Okay, so I am completely convinced now that West Adams is Los Angeles’ Black Gay Mecca, our Black gay West Hollywood if you would.
West Adams, also known as Historic West Adams, is a large district located in the center of Los Angeles, California, southwest of Downtown and north of USC.
The district is bordered by Pico-Union, Angelus Vista and Harvard Heights on the north, the original South Los Angeles on the east, Vermont Square on the south, and Jefferson Park on the south and west. Its principal thoroughfares are Adams, Jefferson and Washington Boulevards, Western, Vermont and Normandie Avenues, and Hoover and Figueroa Streets. ZIP codes for the district are 90007, 90018 and 90019.
I’ve lived in West Adams now for quite some time but it was only recently after moving into my new house, around the corner from my old one, lol, what difference a block can make and a coupe hundred square feet, how Black and gay West Adams is.
I kid you not, most of the staff at my local Starbucks are Black lesbians. Very cool. Most of my friends live in or near West Adams, and they’re Black and gay. When I walk in the neighborhood I am always seeing gay stickers on cars. Then there’s the fact that the oldest Black gay nightclub is right here too, Jewel’s Catch One. Seems awfully gay to me. Add to that, everywhere I go in my neighborhood, I see family.
So I am officially proclaiming West Adams as a Black gay friendly neighborhood, as if it hadn’t already been dubbed that, lol. I thought, I’d make it official.
I choose West Adams to live in because of its central location. I am minutes (if there’s no traffic) from Hollywood, Downtown, Leimert Park, and Ladera Heights. The 10 freeway is right around the corner from my house as well. I love the old homes that come with huge rooms and plenty of built-ins that add to the charm.
So all my 10th District West Adams folks holla and hit me up and tell me your cross streets and whether you agree or disagree that West Adams is L.A.’s Black Gay Mecca.
About West Adams
Major subdistricts include North University Park and Kinney Heights. It includes several institutions of higher learning, including Mount St. Mary’s College’s Doheny Campus (North University Park) and Hebrew Union College (North University Park).
West Adams is home to one of the largest collections of historic homes west of the Mississippi River. The West Adams area was developed between 1880 and 1925, and contains many diverse architectural styles of the era. Architectural styles seen in West Adams include the Queen Anne, Shingle, Gothic Revival, Transitional Arts and Crafts, Craftsman/Ultimate Bungalow, Craftsman Bungalow, Colonial Revival, Renaissance Revival, Mediterranean Revival, Spanish Colonial Revival, Mission Revival, Egyptian Revival, Beaux-Arts and Neoclassical styles. West Adams boasts the only Greene and Greene house in Los Angeles. Its historic homes are frequently used as locations for movies and TV shows including CSI, Six Feet Under, The Shield, Monk, Confessions of a Dangerous Mind and Of Mice and Men.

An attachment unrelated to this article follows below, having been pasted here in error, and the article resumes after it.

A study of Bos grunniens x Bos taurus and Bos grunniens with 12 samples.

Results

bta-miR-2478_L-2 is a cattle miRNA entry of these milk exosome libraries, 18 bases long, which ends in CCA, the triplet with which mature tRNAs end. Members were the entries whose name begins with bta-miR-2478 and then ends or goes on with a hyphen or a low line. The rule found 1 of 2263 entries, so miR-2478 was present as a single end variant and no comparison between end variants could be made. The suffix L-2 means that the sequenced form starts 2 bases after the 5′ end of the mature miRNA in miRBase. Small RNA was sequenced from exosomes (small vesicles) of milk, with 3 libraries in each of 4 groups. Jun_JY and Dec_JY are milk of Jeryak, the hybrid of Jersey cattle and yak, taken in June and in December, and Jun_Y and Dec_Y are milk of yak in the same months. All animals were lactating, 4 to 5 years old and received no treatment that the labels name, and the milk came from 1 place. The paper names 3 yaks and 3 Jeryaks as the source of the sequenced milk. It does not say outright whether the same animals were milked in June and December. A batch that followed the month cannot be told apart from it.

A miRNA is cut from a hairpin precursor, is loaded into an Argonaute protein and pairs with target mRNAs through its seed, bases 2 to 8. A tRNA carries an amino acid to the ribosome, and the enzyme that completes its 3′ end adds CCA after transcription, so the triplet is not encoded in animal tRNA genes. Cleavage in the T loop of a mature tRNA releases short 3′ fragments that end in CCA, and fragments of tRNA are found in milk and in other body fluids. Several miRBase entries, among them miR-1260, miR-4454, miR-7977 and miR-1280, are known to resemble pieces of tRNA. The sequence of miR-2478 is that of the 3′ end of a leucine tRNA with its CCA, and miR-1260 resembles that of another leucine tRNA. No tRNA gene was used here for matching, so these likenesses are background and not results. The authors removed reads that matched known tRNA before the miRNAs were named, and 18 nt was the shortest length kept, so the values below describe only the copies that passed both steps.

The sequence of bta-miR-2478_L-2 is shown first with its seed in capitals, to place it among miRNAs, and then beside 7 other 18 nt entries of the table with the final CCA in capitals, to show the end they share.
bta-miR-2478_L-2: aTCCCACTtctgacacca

West Adams is one of the oldest neighborhoods in Los Angeles, with most of its buildings erected between 1880 and 1925, including the William Andrews Clark Memorial Library. It was once the wealthiest district in the city, with its Victorian mansions and sturdy Craftsman bungalows home to Downtown businessmen and professors at USC. In the 1990s, three areas of West Adams were designated as Historic Preservation Overlay Zones by the city of Los Angeles, in recognition of their outstanding architectural heritage.
The development of the West Side and Hollywood, beginning in the 1920s, siphoned away much of West Adams’ upper-class white population; upper-class blacks began to move in around this time, although the district was off-limits to all but the very wealthiest African-Americans. One symbol of the area’s emergence as a center of black wealth at this time is the 1948 headquarters of Golden State Mutual Life, a late-period Art Deco structure at Adams and Western that housed what is still the nation’s largest black-owned insurer. West Adams’ transformation into an affluent black area was sped by the Supreme Court’s 1948 invalidation of segregationist covenants on property ownership. The area was a favorite among black celebrities in the 1940s and 1950s; notable residents included Hattie McDaniel, Joe Louis, Little Richard and Ray Charles.
Ray Charles’ business headquarters, including his RPM studio, was located at 2107 Washington Boulevard, just outside the northern edge of the district. (The intersection of Washington and Westmoreland Avenue, near the studio, is named "Ray Charles Square" in his honor.)
In the 1950s, the construction of the Santa Monica and Harbor Freeways obliterated much of West Adams, their routes chosen in large part to demarcate areas acceptable for black settlement and those deemed whites-only (in both cases, this was notably unsuccessful, as many African-Americans moved into Mid-City and Arlington Heights during this period.)
The 1992 Los Angeles riots largely spared West Adams’ historic buildings. Mirroring changes seen throughout Los Angeles, the district’s Latino population have been growing. The area’s architecture and proximity to USC have brought many upper-middle-class whites as well. WE CALL THAT GENTRIFICATION. Many of the neighborhoods are experiencing a renaissance of sorts with their historic homes being restored to their previous elegance.